Longitudinal fMRI in elderly reveals loss of hippocampal activation with clinical decline.




Previous cross-sectional fMRI studies in subjects with prodromal Alzheimer disease (AD) have reported variable results, ranging from hypoactivation, similar to patients with AD, to paradoxically increased activation or hyperactivation compared to cognitively normal older individuals. We have hypothesized that subjects in early phases of prodromal AD may experience a period of hippocampal hyperactivation, followed by loss of hippocampal activation as the disease progresses.


We studied 51 older individuals without dementia (Clinical Dementia Rating [CDR] at baseline of 0, n = 21, and 0.5, n = 30) with longitudinal clinical and neuropsychological assessments, as well as fMRI during a face-name associative memory paradigm. Whole brain and region-of-interest analyses were applied to the longitudinal fMRI data.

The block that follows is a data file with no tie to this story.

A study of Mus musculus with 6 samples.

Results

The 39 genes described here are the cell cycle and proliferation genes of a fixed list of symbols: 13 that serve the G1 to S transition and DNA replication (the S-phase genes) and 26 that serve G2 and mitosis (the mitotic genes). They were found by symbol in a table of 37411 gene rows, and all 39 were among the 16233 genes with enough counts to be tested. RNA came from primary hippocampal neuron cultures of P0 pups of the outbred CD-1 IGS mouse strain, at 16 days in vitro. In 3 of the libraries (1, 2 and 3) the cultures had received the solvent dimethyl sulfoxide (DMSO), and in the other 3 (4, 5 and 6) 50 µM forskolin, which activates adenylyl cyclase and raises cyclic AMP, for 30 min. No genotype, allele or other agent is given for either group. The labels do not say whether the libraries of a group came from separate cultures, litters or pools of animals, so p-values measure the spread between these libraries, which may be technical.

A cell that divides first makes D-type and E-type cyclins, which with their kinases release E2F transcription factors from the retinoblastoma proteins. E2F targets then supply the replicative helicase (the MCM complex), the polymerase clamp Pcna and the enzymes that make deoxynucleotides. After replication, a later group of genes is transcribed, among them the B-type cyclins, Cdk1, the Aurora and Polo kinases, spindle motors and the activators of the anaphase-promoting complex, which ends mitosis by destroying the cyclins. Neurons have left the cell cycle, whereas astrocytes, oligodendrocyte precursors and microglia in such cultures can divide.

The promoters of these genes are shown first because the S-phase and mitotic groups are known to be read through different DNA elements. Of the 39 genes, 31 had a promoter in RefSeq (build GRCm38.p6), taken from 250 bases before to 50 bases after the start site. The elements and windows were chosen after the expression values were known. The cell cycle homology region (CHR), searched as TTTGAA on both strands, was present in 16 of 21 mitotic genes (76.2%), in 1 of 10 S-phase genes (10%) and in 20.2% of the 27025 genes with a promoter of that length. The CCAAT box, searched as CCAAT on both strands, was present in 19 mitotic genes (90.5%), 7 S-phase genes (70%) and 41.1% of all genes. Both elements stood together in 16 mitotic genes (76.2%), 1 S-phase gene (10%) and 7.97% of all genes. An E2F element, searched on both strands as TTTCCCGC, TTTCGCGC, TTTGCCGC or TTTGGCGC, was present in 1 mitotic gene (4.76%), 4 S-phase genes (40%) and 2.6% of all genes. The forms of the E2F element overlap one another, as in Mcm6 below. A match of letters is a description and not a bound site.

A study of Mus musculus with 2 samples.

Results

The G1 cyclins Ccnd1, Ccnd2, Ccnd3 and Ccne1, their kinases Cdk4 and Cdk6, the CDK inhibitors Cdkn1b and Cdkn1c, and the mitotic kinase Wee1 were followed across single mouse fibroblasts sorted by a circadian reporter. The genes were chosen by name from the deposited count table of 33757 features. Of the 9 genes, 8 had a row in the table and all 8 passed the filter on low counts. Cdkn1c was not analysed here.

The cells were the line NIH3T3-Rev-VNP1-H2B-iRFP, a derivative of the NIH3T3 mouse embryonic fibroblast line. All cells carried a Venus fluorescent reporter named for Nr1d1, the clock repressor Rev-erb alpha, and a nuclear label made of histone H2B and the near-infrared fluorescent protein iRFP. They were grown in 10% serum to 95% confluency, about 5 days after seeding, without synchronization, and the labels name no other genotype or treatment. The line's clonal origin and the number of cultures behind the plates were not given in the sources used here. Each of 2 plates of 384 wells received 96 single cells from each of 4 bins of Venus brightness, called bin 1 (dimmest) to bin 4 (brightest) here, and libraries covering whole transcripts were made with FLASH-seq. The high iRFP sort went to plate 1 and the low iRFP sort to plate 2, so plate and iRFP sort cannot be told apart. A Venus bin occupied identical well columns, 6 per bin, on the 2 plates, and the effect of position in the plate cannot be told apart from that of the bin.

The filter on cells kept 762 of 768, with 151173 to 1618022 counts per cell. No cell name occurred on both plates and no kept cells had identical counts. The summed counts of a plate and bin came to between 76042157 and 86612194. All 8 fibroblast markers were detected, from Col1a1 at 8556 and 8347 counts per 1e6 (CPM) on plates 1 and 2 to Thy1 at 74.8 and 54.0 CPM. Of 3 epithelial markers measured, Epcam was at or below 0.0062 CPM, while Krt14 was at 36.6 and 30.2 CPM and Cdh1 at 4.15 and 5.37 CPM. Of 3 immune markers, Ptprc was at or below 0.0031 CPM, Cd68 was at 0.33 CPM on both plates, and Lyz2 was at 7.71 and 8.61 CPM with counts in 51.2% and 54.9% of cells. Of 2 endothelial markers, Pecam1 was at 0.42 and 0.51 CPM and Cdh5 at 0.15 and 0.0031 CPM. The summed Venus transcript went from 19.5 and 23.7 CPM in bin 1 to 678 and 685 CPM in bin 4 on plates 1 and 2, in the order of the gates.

Subjects classified as CDR 0 at baseline showed no difference in fMRI activity over 2 years, whereas those who were CDR 0.5 at baseline demonstrated a decrease in fMRI activity in the right hippocampus (p < 0.001). Dividing the subjects on the basis of their clinical and neuropsychological change over the 2 years, we found that subjects with more rapid decline demonstrated both the highest hippocampal activation at baseline, and the greatest loss of hippocampal activation. These findings remained significant after accounting for age, hippocampal volume, and APOE epsilon4 carrier status.


Clinical decline is associated with loss of hippocampal activation in older subjects. Longitudinal fMRI provides a reliable indicator of brain activation over time, and may prove useful in identifying functional brain changes associated with cognitive decline on the trajectory toward clinical Alzheimer disease.